Following up on the theme of my last post regarding a coffee question from a ZenKimchi reader, I thought I would share my personal method for making cold brew coffee.
If you ask a coffee connoisseur to recommend a ‘coffee maker’ for you, they will probably giggle with delight and point you in the direction of something that looks like a chemistry set, only more confusing. More than this, for those of us in Korea, it doesn’t make sense to drop half your paycheck buying an electric burr grinder and espresso machine. In fact, you can still make first rate coffee at home with stuff you probably already have stuffed away in the kitchen cabinet.
Ladies and gentlemen, for your consideration: Cold brew coffee.
With summer rapidly approaching, there’s no better time to try cold brewing coffee. There’s no expensive equipment to buy, in fact, you might already have everything you need on hand.
Cold brewing coffee has several advantages:
- Minimal investment
- You don’t need to buy a home grinder. Buy 100 grams of fresh roasted beans from the neighborhood roasterie, ask them to grind for hand drip coffee, and use all the beans as soon as you get home.
- Make enough coffee for the week (or the day, depending on your habit)
- Pretty darn simple. The process takes 24 hours, but there’s only about 5-10 minutes of anything resembling work on your part.
- Less caffeine than other coffee (could be a positive or negative I suppose)
You’ll need to get yourself a large (I think mine is about a quart) glass jar, you’ll also need some sort of filter. [amazon_link id=”B005SW94B6" target=”_blank” ]Cheesecloth[/[/amazon_link]orks like a charm, but a metal mesh filter, or even a large coffee filter would probably work in a pinch. You’ll also need another receptacle to pour the brew into while filtering. Pretty much any clean pot or jar you have laying around will work just fine.
Once you have your supplies and your 100 grams of ground coffee, there’s just a few simple steps.
1. Pour coffee in jar.
2. Pour water in jar (Fill it up to about 4/5th full. It’s a good idea to use filtered water).
4. Put the jar in a cool, dark place. This doesn’t even have to be a fridge. Just somewhere about room temperature or slightly cooler and out of the sun. You might stir it from time to time, but I tend to forget to do this and it has yet to cause an explosion or anything.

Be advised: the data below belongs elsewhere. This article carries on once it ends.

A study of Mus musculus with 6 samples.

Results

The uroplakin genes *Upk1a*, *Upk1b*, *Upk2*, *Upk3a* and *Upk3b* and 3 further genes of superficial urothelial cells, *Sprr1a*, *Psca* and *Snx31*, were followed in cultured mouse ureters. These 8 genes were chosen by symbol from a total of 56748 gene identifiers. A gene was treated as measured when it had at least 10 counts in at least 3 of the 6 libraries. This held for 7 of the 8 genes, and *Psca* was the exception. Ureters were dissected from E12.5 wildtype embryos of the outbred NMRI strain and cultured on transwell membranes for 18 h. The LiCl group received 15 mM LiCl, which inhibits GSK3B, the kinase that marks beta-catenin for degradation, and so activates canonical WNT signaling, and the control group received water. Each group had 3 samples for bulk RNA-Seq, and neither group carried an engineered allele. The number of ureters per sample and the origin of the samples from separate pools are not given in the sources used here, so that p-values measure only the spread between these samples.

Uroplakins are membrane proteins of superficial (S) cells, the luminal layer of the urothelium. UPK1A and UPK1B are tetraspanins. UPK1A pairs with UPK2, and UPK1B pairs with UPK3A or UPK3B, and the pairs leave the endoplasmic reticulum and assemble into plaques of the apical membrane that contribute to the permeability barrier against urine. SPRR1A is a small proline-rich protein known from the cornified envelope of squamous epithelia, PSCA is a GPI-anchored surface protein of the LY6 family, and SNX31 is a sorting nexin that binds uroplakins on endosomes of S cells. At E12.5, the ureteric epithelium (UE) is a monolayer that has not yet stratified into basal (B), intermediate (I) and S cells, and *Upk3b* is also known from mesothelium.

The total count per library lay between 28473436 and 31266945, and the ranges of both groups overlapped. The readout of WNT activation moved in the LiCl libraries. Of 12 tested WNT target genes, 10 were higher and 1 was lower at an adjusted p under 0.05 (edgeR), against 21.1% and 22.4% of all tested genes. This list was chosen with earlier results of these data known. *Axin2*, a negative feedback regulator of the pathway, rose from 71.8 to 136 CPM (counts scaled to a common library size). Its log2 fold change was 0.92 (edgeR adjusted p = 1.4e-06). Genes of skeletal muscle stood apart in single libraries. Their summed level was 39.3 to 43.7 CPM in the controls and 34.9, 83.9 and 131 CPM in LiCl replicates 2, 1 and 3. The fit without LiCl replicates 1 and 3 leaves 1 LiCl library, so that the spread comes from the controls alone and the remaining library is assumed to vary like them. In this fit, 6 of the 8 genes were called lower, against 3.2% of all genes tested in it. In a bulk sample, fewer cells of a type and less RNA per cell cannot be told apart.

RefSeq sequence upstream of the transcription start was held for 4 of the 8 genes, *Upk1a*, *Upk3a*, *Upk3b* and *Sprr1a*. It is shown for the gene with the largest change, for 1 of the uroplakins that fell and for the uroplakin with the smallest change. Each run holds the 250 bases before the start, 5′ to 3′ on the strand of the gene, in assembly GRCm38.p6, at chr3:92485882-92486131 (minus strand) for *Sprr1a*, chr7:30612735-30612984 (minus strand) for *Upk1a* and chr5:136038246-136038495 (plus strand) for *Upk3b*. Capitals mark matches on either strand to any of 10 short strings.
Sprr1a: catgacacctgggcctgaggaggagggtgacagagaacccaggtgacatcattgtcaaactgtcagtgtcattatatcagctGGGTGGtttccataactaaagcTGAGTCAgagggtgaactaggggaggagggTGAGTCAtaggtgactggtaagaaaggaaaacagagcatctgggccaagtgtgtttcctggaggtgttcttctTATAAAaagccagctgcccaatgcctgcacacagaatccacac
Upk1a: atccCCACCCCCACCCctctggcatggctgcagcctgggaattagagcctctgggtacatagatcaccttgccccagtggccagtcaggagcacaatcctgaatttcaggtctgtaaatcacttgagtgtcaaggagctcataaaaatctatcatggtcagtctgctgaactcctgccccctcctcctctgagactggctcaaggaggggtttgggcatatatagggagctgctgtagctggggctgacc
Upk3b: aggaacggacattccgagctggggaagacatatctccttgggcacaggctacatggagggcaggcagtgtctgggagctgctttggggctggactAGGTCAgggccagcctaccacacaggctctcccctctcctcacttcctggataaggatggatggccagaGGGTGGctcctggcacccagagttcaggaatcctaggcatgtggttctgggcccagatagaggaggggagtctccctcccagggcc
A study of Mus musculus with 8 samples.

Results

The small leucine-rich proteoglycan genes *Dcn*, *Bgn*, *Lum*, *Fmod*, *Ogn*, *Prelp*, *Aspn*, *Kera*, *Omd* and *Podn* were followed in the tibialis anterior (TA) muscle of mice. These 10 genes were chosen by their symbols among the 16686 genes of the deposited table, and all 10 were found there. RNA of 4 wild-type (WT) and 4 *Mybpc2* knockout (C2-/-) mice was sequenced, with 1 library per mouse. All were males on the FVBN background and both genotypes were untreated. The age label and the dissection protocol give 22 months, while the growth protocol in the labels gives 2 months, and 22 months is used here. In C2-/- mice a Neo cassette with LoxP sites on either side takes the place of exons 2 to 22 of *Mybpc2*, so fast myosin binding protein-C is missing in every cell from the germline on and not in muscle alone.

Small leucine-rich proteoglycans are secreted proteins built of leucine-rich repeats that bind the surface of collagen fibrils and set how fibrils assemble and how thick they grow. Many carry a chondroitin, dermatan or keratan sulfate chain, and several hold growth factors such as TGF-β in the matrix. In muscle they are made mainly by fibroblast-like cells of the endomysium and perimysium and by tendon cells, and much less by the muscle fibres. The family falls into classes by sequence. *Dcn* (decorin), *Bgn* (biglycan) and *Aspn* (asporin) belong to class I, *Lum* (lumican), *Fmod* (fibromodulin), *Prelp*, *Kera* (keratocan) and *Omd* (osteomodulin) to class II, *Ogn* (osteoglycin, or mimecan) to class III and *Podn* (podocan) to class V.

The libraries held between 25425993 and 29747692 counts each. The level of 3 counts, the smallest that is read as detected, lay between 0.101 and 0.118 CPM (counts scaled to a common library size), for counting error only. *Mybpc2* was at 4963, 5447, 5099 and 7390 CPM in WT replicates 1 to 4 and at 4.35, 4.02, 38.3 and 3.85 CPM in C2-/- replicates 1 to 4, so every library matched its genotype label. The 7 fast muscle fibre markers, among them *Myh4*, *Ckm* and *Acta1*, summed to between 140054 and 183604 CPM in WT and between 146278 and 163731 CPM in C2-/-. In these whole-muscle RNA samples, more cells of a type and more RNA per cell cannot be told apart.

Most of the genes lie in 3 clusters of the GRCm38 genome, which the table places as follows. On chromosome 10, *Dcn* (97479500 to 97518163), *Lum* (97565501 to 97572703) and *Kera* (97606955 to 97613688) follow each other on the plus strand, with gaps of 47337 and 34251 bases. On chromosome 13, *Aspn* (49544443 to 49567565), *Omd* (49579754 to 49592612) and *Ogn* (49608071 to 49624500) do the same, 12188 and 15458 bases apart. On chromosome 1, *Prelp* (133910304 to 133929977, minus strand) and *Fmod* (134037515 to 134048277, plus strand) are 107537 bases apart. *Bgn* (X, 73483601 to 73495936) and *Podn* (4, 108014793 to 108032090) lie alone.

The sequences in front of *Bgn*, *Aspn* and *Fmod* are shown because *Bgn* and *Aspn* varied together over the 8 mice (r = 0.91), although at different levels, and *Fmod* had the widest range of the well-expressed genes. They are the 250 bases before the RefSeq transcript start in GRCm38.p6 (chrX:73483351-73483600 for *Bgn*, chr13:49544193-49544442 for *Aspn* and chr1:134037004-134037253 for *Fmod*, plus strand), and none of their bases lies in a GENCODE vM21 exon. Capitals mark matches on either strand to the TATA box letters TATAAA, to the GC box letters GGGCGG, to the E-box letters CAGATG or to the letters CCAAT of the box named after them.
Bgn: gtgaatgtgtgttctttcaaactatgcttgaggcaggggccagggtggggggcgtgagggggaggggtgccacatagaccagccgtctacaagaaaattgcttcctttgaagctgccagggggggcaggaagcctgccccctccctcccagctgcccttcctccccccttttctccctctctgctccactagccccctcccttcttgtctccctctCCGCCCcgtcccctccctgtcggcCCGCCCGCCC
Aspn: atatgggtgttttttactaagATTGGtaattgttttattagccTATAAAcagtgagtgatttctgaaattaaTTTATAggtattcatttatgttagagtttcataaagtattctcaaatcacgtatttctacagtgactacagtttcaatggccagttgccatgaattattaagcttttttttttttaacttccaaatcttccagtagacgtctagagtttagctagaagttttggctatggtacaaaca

5. 12-24 hours later, filter the brew using your filter of choice (Use caution. This can be messy). Once you filter it through once, put the extra coffee grounds in the trash (not the sink!), clean the jar out, and filter it back into the jar one more time.
6. Store in the fridge for up to a week.
The resulting brew will be a concentrate with far less acid and body than you are probably used to with coffee. You’ll need to dilute with something and possibly sweeten to taste. You have several options:
- Add cold water in at least a 1:1 water to coffee ratio and add ice for a true iced coffee. Sweeten to taste.
- Hot water, again in a 1:1 ratio, for a hot, low caffeine, cup of coffee.
- Dilute with milk (whole milk is suggested) to taste.
- Pour the brew into ice cube trays and freeze. Add the coffee ice cubes to milk or smoothies to add a nice, subtle, coffee flavor. Make sure to put the trays in ziploc bags or something so they don’t absorb other flavors from the freezer.
It’s a pretty simple method that’s pretty hard to screw up, so you can eyeball the measurements.
Additionally, there’s a slight variation of this method called the ‘hot-cold’ brew method. Everything is exactly the same as before, except at the very beginning you fill the jar about 25-33% full with water about 190-200 degrees celsius (30 seconds to a minute off of a boil). Mix it up to make sure all of the grounds are soaked, then let it steep for 1.5-2 minutes. Now fill it the rest of the way with cold water. I recommend using chilled water specifically for this and putting the jar in the refridgerator for the 16-24 hours steep time in order to rapidly bring the mix down to a cooler temperature.
The argument is that the hot water extracts more of the solubles (including caffeine) from the grounds allowing you to get the best of both worlds; both cold and hot brewing methods. I personally use the hot-cold method, but frankly the jury is still out on which way is better.
There ya go! Try it, play around with it and tweak it. Cold brew coffee is great for the summer or any time you know you’ll have a busy week and want to make your coffee in advance.